Hall of Famer Tony Gwynn has died at 54


Gwynn had been fighting cancer, which had first manifested itself as a malignant growth inside his right cheek, for four years. Gwynn attributed the cancer to years of smokeless tobacco use. Just yesterday, Jim Salisbury of CSNPhilly.com wrote this story about Gwynn, his son Tony Gwynn, Jr. and their relationship as Gwynn battled cancer. Gwynn Jr. said it had gotten tougher of late, and that his father’s condition had deteriorated.

Gwynn was one of the greatest hitters in baseball history. He posted a .338 career batting average over 20 seasons, collecting batting titles in eight of those years. In 1994 he was flirting with .400 when the season was halted due to the strike, leaving him at .394. He finished with 3,141 hits, which ranks 19th on the all-time list. He was an All-Star 15 times and won five gold gloves. His Padres teams made the playoffs three times in his career. He was part of NL Pennant winning teams in 1984 and 1998.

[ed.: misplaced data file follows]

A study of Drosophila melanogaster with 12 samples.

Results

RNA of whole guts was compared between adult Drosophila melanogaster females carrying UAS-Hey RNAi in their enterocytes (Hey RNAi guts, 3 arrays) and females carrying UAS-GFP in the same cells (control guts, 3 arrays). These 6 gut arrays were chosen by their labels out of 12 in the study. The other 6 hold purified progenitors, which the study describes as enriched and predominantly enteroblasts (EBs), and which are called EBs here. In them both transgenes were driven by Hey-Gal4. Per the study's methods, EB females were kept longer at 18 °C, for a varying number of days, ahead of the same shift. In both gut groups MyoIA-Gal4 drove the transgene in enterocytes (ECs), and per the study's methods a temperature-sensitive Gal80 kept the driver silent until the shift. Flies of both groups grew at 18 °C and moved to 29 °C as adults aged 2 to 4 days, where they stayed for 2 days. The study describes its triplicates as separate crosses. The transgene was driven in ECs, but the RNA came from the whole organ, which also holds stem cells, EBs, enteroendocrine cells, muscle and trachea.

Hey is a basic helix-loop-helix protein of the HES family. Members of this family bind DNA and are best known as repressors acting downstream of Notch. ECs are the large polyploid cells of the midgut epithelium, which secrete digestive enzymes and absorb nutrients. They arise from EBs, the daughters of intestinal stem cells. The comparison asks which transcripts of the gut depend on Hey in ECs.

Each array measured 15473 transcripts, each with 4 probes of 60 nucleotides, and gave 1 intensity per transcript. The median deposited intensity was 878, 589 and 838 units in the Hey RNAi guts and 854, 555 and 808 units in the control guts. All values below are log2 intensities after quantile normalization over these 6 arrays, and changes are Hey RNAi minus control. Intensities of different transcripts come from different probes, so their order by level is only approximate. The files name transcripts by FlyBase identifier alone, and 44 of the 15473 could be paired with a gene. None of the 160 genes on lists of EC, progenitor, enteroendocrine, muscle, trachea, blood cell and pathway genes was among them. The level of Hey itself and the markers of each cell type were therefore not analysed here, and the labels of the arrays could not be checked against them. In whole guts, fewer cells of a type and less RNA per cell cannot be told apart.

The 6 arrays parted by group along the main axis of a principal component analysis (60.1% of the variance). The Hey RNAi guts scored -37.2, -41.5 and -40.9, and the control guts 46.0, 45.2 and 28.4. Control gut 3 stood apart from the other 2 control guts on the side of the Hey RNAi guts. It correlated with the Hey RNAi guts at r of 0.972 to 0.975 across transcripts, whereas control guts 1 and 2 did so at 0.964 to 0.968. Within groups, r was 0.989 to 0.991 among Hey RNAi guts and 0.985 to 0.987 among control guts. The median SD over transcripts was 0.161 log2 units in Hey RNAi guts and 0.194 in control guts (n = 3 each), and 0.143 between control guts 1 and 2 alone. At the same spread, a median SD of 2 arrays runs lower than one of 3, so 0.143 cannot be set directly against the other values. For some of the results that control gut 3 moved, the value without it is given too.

[MORE: What they’re saying about Tony Gwynn]

After he retired, Gwynn coached his alma mater, San Diego State University. Many future major leaguers went through that program during Gwynn’s tenure which lasted from 2003 until his death.

Gwynn was elected to the Hall of Fame with over 97% of the vote in 2007, his first year of eligibility. His number 19 jersey was retired by the Padres, the only team for which he played.

[MORE: Gwynn’s Hall of Fame career, by the numbers]

Padres sign Jordan Lyles


Lyles, 27, had miserable results between the Rockies and Padres last season, compiling an aggregate 7.75 ERA with a 55/22 K/BB ratio over 69 2/3 innings. While he specifically gave up 24 earned runs in 23 innings across five starts with the Padres, it was a small sample. A full season at the pitcher-friendly Petco Park, as opposed to Colorado’s Coors Field, might help revitalize his career.

Wood, 30, went to the Padres at the non-waiver trade deadline from the Royals this past season. Overall, the lefty posted an aggregate 6.80 ERA with a 65/45 K/BB ratio in 94 innings. He’ll earn $6.5 million this season and has an $8 million mutual option with a $1 million buyout for 2019. So, the Padres are just eating $7.5 million minus the league minimum, assuming Wood latches on elsewhere.